Monday, June 22, 2009

Montelukast is efffective in Atopic Dermatitis ?

Montelukast treatment of moderate to severe atopic dermatitis in adults: a randomized, double-blind, placebo-controlled trial

Journal of Drugs in Dermatology , Sept-Oct, 2005

The authors present a two-center, randomized, double-blind, placebo-controlled trial to evaluate the efficacy of montelukast in the treatment of moderate to severe atopic dermatitis. Fifty-nine patients were recruited for the study and randomly assigned to 1 of 2 treatment arms: 10 mg of montelukast once daily or placebo for 4 weeks. No statistically significant differences in disease activity were noted in the 2 groups at baseline. Patients were required to undergo a wash-out period of 2 weeks and no systemic or topical treatment, with the exception of emollients, was allowed during the study. The primary outcome was the modified eczema area and severity index (EASI) score. This score is the sum of a score for pruritus and the EASI score. A secondary outcome was the pruritus score alone. Patients were assessed at baseline, after the wash-out period, and at weeks 1, 2, and 4 of treatment. Six patients dropped out of the study before beginning treatment. Drop-out occurred in 6 patients during the study secondary to either worsening of their atopic dermatitis or not returning for follow-up visits. As the intention-to-treat analysis was used, these latter 6 patients were included in the analysis giving a total of 53 patients. No statistically significant difference was noted between the montelukast and placebo groups. No adverse events were reported.
The authors present a well-designed study to evaluate the efficacy of montelukast in the treatment of moderate to severe atopic dermatitis. Rationale for the use of montelukast in atopic dermatitis is based on anecdotal reports as well as prior studies. As leukotrienes are important in the pathogenesis of atopic disorders such as asthma and allergic rhinitis, it is possible they also play a role in atopic dermatitis. Synthesis of leukotrienes, determined by urinary excretion of leukotriene E4, was studied in 8 patients with atopic dermatitis compared with 8 healthy controls. (1) Patients with atopic dermatitis were found to have a statistically significant increase (4.5-fold) in leukotriene E4 excretion in comparison to controls. Hence it is theoretically possible that a leukotriene antagonist such as montelukast would improve atopic dermatitis. This study fails to demonstrate such efficacy. One reason may be that the investigators considered a 60% reduction in scoring as significant. Prior studies have shown efficacy. (2,3) These studies involved fewer patients and considered smaller reductions as significant. For example in Yanase et al, a 30% reduction in scoring was considered significant. This study confirms that the efficacy of montelukast in the treatment of atopic dermatitis is in no way dramatic. It may improve atopic dermatitis modestly at best and is certainly not suitable as a monotherapy. However, it may be useful in combination with a topical or systemic agent in a subset of patients.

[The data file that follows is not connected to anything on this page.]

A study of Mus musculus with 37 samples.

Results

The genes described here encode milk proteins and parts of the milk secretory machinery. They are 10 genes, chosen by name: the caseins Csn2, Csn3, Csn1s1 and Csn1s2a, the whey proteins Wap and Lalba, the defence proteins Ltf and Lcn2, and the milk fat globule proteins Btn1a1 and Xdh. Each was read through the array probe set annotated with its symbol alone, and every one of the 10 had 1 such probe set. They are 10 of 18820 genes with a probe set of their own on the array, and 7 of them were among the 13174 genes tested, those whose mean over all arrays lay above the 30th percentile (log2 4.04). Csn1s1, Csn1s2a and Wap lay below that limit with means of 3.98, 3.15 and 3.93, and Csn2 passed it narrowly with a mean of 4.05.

1. Fauler J, et al. Enhanced synthesis of cysteinyl leukotrienes in atopic dermatitis. British Journal of Dermatology. 1993;128(6):627-630.
2. Eustachio N, et al. Efficacy and tolerability of montelukast as a therapeutic agent for severe atopic dermatitis in adults. Acta Derm Venereol. 2002; 82:297-320.
3. Yanase DJ, et al. The leukotriene antagonist montelukast as a therapeutic agent for atopic dermatitis. Journal of the American Academy of Dermatology. 2001; 44(1):89-93.